2 emerging trends in workplace benefits

Employees are eligible for rewards if they complete a health-contingent wellness program.

Let's take a closer look at some of the largest benefits trends for 2016:

A call for benefits integration
One of the largest issues plaguing insurance companies today is benefits duplication or policyholders having overlapping coverage from more than one provider. This practice is problematic for businesses, as employees can make a profit if they submit claims to multiple coverage providers for the same expenses, according to Free Advice. Benefits experts are calling for an end to this double-dipping habit. Their solution is integrated benefits offerings.

"Let's start working towards full integration of medical, life, dental, vision, wellness, worksite… a single enrollment, one single bill, one single process that runs through the entire spectrum of benefits," Rodger Bayne, president of Benefit Indemnity Corporation, told an audience at EBA's Workplace Benefits Renaissance conference.

By putting all these benefits together into one program provided by a single insurance provider, businesses can help keep their coverage costs low.

"Many employers are enhancing their offerings by implementing a wellness initiative."

A focus on wellness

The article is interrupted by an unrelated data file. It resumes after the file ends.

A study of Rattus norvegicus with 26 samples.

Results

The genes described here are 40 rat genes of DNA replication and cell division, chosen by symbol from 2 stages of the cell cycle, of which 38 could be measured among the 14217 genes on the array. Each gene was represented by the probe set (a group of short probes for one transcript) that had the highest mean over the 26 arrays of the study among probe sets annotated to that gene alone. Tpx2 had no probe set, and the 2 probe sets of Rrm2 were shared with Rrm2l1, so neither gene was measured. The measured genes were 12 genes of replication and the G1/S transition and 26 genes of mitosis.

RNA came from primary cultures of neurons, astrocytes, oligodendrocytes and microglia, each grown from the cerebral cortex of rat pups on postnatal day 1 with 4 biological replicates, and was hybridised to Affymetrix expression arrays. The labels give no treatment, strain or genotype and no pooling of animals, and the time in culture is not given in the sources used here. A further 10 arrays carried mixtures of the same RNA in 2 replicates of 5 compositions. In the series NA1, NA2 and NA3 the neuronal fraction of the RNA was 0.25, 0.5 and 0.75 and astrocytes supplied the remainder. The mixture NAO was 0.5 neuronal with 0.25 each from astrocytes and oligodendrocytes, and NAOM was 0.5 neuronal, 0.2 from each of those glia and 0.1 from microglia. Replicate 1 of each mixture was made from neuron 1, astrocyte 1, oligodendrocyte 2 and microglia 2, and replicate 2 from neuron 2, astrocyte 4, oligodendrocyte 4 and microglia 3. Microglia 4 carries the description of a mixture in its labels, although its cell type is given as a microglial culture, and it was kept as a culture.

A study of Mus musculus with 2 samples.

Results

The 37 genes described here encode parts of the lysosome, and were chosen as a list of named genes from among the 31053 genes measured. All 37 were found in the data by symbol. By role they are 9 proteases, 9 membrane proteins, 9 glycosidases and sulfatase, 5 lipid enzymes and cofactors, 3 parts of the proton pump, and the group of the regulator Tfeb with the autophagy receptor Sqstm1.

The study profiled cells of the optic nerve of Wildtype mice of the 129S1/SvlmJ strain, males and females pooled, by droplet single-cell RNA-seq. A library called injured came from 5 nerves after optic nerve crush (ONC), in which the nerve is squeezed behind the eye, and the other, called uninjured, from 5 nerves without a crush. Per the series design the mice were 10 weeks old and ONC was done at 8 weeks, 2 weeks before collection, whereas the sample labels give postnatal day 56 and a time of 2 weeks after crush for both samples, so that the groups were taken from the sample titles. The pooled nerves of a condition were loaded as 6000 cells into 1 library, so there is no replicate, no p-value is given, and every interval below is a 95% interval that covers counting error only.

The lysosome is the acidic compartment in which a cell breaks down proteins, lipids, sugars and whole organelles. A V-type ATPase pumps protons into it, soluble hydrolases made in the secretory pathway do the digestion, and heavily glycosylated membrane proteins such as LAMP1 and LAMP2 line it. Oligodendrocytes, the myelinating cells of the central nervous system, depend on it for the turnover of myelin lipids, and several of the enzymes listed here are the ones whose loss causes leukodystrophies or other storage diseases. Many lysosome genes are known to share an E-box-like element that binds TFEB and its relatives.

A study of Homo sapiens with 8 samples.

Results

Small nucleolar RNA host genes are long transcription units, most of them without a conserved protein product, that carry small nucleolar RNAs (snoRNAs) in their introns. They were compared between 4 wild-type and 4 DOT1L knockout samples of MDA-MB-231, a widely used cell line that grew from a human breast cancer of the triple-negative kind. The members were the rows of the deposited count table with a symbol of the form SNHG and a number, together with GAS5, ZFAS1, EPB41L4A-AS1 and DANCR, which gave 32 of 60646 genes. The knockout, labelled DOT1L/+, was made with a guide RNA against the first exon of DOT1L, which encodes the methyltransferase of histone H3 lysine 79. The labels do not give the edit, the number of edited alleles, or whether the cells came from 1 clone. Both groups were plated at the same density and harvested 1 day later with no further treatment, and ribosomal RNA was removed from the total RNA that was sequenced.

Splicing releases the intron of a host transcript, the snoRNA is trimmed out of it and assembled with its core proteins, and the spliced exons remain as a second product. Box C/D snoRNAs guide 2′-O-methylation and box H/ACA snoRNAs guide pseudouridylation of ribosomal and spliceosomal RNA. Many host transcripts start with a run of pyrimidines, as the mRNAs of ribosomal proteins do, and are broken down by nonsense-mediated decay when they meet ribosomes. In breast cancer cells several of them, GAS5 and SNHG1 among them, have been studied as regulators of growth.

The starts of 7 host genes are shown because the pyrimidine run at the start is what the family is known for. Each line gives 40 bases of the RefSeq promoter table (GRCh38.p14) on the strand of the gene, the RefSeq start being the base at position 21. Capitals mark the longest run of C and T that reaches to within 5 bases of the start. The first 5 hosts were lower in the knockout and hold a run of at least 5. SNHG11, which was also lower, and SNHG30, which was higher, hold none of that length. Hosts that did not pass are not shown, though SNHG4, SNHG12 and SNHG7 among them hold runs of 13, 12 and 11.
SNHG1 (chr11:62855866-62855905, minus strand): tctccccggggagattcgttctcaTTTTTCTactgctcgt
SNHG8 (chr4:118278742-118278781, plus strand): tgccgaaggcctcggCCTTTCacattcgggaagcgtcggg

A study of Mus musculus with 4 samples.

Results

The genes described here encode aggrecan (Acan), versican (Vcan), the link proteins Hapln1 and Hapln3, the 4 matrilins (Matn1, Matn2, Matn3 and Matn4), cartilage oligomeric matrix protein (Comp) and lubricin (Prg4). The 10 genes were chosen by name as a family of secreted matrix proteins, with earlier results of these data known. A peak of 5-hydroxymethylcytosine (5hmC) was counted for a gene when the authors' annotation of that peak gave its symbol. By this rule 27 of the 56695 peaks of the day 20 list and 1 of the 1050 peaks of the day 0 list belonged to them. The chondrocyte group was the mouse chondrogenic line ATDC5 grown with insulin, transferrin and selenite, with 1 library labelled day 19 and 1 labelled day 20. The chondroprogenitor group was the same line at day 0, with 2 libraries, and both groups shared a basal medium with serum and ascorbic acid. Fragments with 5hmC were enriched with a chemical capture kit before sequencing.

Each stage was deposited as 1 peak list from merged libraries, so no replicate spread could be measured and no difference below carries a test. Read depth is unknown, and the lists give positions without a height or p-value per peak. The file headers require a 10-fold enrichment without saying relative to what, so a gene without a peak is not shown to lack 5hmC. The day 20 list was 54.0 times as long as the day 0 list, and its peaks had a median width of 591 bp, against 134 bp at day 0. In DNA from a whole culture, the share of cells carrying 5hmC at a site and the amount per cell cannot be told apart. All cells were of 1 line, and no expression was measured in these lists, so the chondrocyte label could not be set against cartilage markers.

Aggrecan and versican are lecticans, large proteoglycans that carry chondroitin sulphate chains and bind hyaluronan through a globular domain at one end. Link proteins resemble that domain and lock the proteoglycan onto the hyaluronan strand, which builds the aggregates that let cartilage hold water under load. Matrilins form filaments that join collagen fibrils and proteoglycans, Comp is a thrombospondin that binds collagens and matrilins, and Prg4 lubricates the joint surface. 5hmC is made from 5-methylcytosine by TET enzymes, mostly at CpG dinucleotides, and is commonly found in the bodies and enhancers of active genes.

As the ACA enforces stricter guidelines regarding health coverage for employees of both smaller and larger organizations, many employers are enhancing their offerings by implementing a wellness initiative. Two-thirds of companies have already taken this step, according to a study from the Society for Human Resource Management. Wellness programs encourage better health and act as a prevention technique to help employees combat any issues that could result in use of their insurance in the future.

According to the Department of Labor, the ACA supports wellness plans as an addition to group health coverage and provides rules to continue to support both participatory and health-contingent programs. Furthermore, the push for implementation of wellness programs could include a bonus for employees. The U.S. departments of Health and Human Services, Labor and the Treasury issued guidance saying workers are eligible for a reward totaling 20 to 30 percent of their total annual cost of coverage if they complete a health-contingent wellness initiative. In addition, employees who do not finish the program could be subject to the same percentage, but in penalties.

Employers constantly are looking for ways to provide comprehensive benefits offerings to their workers at a fraction of the cost. This year will see the ACA in full force, as the majority of its guidelines are now in effect. To keep their health insurance expenses manageable, companies are moving toward fully integrated coverage and introducing wellness plans to their group programs. These steps can reduce the amount of double dipping insurance claims and help all employees maintain or improve their well-being.